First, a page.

Sometimes the greatest scientific discoveries come from research that seems simplistic, esoteric or flat-out bizarre. The weirder the better for the organizers of the Golden Goose Awards. Sponsored by a number of leading scientific societies, the awards were launched last year to celebrate the importance of federally funded basic research projects that may sound quirky but sometimes deliver tremendous payoffs.
“When you call somebody and tell them you'd like to present them with a Golden Goose Award, their first question is often, Is this a joke? Who is this, really?” says Barry Toiv, one of the organizers and vice president of public affairs for the Association of American Universities. “Once you explain it, they get it, and our recipients have all seemed to deeply appreciate the recognition.”
This year's awardees included Thomas Brock, who in the 1960s used a National Science Foundation grant to discover a heat-loving bacterium called Thermus aquaticus in a hydrothermal pool at Yellowstone National Park. An enzyme extracted from that microbe is now a key part of the polymerase chain reaction, which amplifies small samples of DNA for study—and which powers a multibillion-dollar industry of genetic analysis. “I was doing basic research on organisms at high temperatures and focusing on evolution and ecology,” Brock says. “I wasn't even thinking about industrial uses.”
Another honoree, John Eng, found in 1992 that the poisonous saliva of the Gila monster lizard could stimulate insulin production, which led to the development of the diabetes drug exenatide. “A lot of research doesn't end in major discoveries,” says Eng, who worked for the Department of Veterans Affairs at the time. “But it might, and I don't think anyone can predict which will.”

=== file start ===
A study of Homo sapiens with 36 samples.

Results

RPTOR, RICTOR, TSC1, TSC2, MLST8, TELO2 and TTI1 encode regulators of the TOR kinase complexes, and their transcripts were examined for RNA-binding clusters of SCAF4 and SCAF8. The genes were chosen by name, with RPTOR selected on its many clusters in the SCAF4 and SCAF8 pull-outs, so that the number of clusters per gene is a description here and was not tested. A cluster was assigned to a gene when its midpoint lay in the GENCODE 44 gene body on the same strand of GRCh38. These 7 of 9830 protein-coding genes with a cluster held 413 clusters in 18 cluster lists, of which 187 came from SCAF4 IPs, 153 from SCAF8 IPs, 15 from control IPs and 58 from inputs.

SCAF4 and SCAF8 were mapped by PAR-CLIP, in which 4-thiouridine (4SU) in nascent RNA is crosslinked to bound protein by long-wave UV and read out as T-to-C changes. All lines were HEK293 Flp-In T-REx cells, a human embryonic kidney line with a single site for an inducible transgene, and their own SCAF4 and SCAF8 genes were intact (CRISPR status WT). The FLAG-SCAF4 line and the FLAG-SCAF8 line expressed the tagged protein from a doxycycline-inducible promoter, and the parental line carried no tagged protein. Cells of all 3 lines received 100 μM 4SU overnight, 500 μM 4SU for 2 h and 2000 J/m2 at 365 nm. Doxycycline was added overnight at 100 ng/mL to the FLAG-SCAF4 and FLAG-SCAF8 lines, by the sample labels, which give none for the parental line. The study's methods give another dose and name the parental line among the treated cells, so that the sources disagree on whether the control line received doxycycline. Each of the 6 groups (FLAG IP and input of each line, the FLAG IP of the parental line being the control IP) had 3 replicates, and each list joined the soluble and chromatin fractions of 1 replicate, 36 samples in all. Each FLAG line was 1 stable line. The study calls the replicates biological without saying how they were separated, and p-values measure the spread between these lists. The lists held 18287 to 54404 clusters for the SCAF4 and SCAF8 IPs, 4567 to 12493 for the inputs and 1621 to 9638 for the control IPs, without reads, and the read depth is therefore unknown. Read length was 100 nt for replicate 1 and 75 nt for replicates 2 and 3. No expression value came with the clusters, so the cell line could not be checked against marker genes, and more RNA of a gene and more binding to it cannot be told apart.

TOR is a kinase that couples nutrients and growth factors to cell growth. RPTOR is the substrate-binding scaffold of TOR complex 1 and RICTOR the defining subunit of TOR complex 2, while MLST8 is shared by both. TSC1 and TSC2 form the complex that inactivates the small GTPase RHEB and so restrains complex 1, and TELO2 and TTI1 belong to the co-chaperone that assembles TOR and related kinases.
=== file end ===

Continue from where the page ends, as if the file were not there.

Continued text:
The Golden Goose Awards were inspired by the Golden Fleece award, which the late Wisconsin senator William Proxmire dished out in the 1970s and 1980s to bring attention to what he viewed as wasteful government spending. Instead Proxmire often targeted valuable research.
Proxmire once mocked the U.S. Department of Agriculture for investing $250,000 to explore the sex life of the screwworm. But the federal investment paid off handsomely. The study of the livestock parasite showed that female screwworms mate only once, whereas males mate many times. By creating a host of sterile male worms and releasing them in the wild, usda scientists eradicated the pest, saving the livestock industry billions of dollars. Ultimately even Proxmire came around to acknowledging the importance of the research.
Nowadays, as federal budgets constrict, funding for basic research is in the crosshairs once again. With the Golden Goose Awards, Toiv and his colleagues aim to remind policy makers that even worm voyeurism can yield innovations that the country needs.